By Briana Franklin, Breanna Luna, Joe McMahon and Elizabeth Williams
Sustainable and organic produce is not something UT is known for, but a plot of land on the east side of campus is trying to change that.
The UT Micro Farm is the university’s first student-run farm. Established in 2012 as a Green Fee project, the farm occupies about a fifth of an acre near Disch-Falk Field. The farm grows vegetables, fruits, flowers and herbs to be sold to various markets and donated to a local food shelter. Students practice organic farming and hope to eventually be a sustainable farm.
“I thought it was really fascinating to see where food came from,” said Stephanie Hamborsky, the farm’s development assistant, on beginning her work with the micro farm. “I got really excited about really taking charge of this farm and turning it into something that the whole community knows about and providing people with affordable and sustainable produce.”
Austin is home to more than 10 urban farms and 30 community gardens that provide local restaurants, grocers, farmers markets and communities with items ranging from fresh produce to free-range eggs to mealworms. The micro farm, as its name suggests, runs like a farm on a much smaller scale.
Katie Lewis, a sophomore biology and pre-veterinary major, is the farm’s manager. She said that the farm provides a special experience to student life.
“Organic farming and working with my hands and being able to grow things has always been a passion of mine,” Lewis said. “It’s nice to be able to express that while at school.”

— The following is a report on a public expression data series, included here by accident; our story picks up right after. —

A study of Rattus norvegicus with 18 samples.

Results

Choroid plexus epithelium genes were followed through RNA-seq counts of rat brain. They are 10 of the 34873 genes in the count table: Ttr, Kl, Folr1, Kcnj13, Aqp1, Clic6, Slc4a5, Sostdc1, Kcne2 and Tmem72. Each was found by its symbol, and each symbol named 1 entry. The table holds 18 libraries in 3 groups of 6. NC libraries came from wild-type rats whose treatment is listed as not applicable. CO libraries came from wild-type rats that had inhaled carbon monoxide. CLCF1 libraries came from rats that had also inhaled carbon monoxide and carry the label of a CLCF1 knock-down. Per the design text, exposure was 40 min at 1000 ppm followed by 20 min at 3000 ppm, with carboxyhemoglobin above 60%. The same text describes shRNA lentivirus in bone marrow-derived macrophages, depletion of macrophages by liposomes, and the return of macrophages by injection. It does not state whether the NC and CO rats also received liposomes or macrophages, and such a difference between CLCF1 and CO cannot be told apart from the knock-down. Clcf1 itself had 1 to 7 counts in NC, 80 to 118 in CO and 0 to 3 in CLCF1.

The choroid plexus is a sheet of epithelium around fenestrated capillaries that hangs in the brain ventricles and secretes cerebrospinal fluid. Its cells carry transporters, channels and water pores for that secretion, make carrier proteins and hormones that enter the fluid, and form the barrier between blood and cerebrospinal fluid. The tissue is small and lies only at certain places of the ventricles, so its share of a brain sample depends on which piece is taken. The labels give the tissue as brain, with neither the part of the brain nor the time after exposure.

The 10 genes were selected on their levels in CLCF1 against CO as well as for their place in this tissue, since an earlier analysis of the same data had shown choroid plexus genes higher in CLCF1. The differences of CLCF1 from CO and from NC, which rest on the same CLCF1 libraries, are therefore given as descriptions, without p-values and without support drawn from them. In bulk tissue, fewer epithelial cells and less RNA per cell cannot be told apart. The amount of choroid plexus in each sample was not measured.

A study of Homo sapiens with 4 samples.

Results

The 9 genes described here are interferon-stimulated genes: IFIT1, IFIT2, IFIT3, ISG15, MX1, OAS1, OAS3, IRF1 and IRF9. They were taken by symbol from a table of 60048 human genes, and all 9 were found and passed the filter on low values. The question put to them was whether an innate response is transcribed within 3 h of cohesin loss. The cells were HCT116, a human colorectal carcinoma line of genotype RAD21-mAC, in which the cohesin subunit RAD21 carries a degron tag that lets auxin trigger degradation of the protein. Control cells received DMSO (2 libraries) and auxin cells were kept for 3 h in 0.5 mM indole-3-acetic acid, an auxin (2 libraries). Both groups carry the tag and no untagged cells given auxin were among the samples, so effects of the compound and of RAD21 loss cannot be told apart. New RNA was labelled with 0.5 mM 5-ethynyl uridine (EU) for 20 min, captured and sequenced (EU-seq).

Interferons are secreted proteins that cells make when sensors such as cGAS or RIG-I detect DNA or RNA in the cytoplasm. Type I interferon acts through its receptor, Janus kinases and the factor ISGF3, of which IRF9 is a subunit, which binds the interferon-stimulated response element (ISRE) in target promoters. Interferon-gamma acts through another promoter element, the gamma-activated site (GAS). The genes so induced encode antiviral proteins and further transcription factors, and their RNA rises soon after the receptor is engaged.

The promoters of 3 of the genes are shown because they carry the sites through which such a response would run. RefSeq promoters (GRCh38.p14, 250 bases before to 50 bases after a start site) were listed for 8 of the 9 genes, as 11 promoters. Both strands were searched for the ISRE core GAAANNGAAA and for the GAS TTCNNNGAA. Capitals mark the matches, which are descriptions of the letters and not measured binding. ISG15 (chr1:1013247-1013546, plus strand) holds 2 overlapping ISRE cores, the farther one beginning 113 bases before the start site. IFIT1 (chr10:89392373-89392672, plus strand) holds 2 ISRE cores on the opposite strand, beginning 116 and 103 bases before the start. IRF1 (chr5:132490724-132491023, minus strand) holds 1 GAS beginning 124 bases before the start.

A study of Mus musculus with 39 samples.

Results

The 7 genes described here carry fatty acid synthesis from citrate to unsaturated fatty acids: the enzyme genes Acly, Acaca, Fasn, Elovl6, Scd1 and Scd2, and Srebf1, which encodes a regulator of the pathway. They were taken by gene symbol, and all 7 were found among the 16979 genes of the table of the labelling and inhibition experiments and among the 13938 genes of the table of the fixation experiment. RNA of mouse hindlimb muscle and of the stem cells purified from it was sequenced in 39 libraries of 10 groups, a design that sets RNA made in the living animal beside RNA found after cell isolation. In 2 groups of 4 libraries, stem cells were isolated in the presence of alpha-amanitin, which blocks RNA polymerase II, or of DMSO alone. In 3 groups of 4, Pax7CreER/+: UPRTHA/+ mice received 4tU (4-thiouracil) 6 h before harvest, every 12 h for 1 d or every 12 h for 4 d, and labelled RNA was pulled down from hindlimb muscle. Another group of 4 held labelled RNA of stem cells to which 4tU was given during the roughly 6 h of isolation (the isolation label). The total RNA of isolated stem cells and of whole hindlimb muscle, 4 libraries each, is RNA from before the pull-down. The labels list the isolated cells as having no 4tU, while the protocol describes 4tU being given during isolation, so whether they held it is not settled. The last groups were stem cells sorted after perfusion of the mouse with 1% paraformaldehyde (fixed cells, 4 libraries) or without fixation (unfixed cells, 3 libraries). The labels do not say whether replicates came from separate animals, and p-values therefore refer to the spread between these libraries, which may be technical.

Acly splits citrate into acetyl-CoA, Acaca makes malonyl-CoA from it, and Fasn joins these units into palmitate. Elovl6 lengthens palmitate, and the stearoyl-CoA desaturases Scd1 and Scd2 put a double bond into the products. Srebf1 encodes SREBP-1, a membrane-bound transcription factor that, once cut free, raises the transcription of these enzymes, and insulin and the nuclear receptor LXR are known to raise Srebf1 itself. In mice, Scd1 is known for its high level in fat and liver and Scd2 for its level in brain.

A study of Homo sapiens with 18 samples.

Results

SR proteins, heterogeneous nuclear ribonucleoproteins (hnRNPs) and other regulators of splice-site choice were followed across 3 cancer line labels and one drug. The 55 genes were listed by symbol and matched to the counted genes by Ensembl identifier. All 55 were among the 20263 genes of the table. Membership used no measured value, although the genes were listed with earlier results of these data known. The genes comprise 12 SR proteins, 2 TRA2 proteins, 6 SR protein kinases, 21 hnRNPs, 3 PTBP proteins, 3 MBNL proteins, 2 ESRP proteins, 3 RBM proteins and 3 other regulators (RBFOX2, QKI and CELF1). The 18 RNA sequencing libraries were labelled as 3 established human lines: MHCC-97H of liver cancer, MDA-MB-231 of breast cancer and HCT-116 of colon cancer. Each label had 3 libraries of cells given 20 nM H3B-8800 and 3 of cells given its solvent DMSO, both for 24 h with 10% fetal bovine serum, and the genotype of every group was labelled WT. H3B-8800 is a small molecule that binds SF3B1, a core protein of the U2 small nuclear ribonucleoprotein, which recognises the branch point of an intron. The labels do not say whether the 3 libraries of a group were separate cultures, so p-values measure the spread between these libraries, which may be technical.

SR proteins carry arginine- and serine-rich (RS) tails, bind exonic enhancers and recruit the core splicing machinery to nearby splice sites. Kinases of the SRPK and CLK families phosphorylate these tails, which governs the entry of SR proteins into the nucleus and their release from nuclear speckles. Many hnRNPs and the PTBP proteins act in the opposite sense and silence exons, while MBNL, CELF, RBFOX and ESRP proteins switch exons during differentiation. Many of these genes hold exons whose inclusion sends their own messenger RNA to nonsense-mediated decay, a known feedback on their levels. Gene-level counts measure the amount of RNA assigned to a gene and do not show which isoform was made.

Students manage the day-to-day operations of the farm, from tilling the soil to planning crop irrigation. While they have access to campus advisors and resources, much of what the students do is learned on their own.
Edgar Navarrete, a third-year nutrition major and the farm’s fertilizer specialist, has been volunteering at the farm since the Fall semester began. He said that learning on the job is a major part of working on the farm.
“Learning a position here is tough,” Navarrete said. “It’s like taking another class.”
“I got really excited about really taking charge of this farm and turning it into something that the whole community knows about…” – Stephanie Hamborsky
The farm is a hands-on experience where students can gain a better understanding of where their food comes from while contributing to the local food economy.
Hamborsky, a junior plan II and biology major, said that one of the farm’s biggest goals is to change Austin’s food economy by providing organic food to a growing city.
“We want to engage the local community to come out because one of the biggest problems in Austin is the disparity between East Austin and central Austin,” Hamborsky said. “East Austin is essentially a food desert. There aren’t a lot of sources for organic, local foods here and there aren’t a lot of accessible grocery stores in their area, so we’d like to provide affordable produce.”
While the farm aims to transform the city’s food market, the group still faces an essential hurdle.
“We do have some students who come out to volunteer in big groups, but a lot of times it’s difficult to retain volunteers,” Hamborsky said. “I think that definitely being in a big city and school that doesn’t have an agricultural focus, it’s hard to find students that are interested in this.”
Getting the university community involved has been a constant challenge for the micro farm. Open volunteer work days at the farm occur during the week. Students also sell their produce at both the HOPE Farmers Market and their own stand in front of the farm, but establishing a reliable volunteer and customer base is an ongoing battle.
“I talk about it all the time and my friends are like ‘what’s that’?’” Lewis said. “I think as an organization, that’s one of our biggest challenges — getting students to know that we are here and getting them to volunteer.”
Through social media and campus farm stands, the students hope to impact Austin’s food community for good.
“We have a lot of biology and environmental science majors volunteering because there are a lot of scientific aspects to farming,” Hamborsky said. “But what a lot of students don’t know is that we need students from all backgrounds to help out.”
Check out Austin’s other urban farms.